Sliding Barn Door Track Question

I am trying to put a small (6 1/2 foot wide, 7 foot high) sliding barn door on my barn. I put on the common steel siding. What I am running into is the door brackets that bolt to the side of the building are spaced 1/2" from the wall because of the ribs in the steel. In other words the whole track is riding on top of the ribs of the steel siding, which in itself is no problem, but the brackets need to bolt to something solid, not just to the ribs of the steel. I am thinking to just put blocks of wood 1/2 or 3/4" thick under the brackets and on top of the steel. I guess that wont be the nicest looking, but I am more concerend about the door working properly. Anyhow, just for the heck of it, I thought I'd ask to see if anyone has any other ideas. I am sure this is a common problem. I should note this is a square track with the groove in the bottom for the rollers. There are brackets that go around the rail and hang by one lag bolt into the wall. This is NOT the other style that seems to be more popular now, which bolts on top of the header over the door. I can not use that type with the roof being directly over the door. (This is a lean off the back of the main barnm and the roof is directly ontop of that header. The roof has a one foot overhang so I dont need all that trim to keep rain out of the top of the door, since the overhang is directly over the door, there will not be leaking.
I should mention that the main doors on my barn are bolted directly to the siding, but that siding is that old fashioned ine inch corrigated steel that only sticks out like 1/4" or so. Plus that track is the "antique" round stuff.
Mark

The other alternative is to do similar to what you mention but make filler blocks to fill the low spot and bolt through them. You don't want to mount through the high spots as you can't torque the lag bolts down w/o crushing the tin underneath.
Dean

This is what I was considering. I can see putting a board across the whole wall, but then the door will stick out too far from the wall. I guess the blocks will be what I do, whether wood or another material. My tin ribs stick out about 1/2". I guess standard 3/4" 1x4 (treated) will work.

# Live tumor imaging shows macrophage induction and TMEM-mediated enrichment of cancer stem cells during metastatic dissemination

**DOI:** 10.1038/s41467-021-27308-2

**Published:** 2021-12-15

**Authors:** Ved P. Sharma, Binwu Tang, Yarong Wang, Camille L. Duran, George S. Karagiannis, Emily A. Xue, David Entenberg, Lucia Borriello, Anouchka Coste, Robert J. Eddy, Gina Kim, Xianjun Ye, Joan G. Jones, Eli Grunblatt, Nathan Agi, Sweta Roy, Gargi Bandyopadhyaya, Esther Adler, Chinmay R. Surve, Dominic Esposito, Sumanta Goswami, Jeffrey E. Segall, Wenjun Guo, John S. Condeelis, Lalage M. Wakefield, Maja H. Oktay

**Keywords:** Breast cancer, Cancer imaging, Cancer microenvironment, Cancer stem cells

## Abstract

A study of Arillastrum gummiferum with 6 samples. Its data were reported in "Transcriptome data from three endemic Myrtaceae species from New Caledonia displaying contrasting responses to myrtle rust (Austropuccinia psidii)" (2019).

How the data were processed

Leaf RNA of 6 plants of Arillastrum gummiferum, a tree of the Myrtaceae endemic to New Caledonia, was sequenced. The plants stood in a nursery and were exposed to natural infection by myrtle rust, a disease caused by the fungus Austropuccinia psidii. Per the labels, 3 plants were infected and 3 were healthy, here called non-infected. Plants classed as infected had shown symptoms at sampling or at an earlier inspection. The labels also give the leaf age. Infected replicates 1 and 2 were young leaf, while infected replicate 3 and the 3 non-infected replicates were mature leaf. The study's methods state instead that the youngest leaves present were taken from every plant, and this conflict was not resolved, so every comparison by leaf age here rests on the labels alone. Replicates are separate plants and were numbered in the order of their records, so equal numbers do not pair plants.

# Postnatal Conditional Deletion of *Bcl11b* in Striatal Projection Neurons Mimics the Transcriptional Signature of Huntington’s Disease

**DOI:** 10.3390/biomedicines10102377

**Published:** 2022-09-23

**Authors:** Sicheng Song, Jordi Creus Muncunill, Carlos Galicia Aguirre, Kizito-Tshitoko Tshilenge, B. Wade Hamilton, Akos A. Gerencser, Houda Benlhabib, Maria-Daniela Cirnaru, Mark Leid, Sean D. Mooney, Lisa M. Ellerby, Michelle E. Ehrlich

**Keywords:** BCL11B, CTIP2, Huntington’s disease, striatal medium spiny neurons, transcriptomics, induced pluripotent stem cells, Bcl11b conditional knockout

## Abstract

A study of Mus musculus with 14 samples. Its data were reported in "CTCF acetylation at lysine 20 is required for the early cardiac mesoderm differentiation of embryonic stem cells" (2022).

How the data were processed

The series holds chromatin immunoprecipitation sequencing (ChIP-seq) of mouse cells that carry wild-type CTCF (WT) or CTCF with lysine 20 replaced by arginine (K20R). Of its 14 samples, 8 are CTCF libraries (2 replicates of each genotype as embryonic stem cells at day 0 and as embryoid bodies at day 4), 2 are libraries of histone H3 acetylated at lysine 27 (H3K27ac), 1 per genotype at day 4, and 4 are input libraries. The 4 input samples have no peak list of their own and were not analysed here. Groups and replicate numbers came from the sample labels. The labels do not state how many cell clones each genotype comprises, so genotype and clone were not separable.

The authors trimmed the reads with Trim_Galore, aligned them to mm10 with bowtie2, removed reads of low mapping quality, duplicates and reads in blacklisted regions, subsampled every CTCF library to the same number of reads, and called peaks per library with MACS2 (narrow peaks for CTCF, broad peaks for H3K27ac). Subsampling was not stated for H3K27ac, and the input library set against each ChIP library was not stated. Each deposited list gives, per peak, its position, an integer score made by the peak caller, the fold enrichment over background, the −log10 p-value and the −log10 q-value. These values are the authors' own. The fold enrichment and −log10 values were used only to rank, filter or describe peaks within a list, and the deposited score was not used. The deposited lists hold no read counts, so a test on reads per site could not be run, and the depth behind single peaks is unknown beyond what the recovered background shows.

Thanks

Of course it's more of a pita to accomplish, but it would be possible to use a metal cutting blade and a guide board and cut the tin for the mounting plank and flash it as described by somebody else earlier...

Run a plank down the side of the doorway too.

If that is the common val-rib design, you will find that the rib height is 7/8" When building a new barn, the track goes up first on a spacer board, then the track flashing, then the siding laps over the track flashing and continues above the track.
In a retrofit situation like yours, there is no way to get the track flashing under the siding. The easiest way to proceed is as you have already figured out, by blocking the hardware out until it doesn't interfere with the siding. Don't be afraid to give the door a little extra clearance to accommodate bolt heads and hardware. 1-1/2" blocks would work fine. Since the door top will be open to the weather, you will get some water on the inside of the door, but if you use galvanized hardware and treated wood for the door frame, the door should last as long as you do.
If you are a compulsive perfectionist, take the siding off and cut it to accommodate the track hangers and track flashing. You will still have to space the hangers out, but you can use a continuous board and go with untreated wood, since the flashing will catch the moisture.

One inch square tubing works great as a spacer. Cut pieces about 2" long and lay in the valleys where you bolt up your track.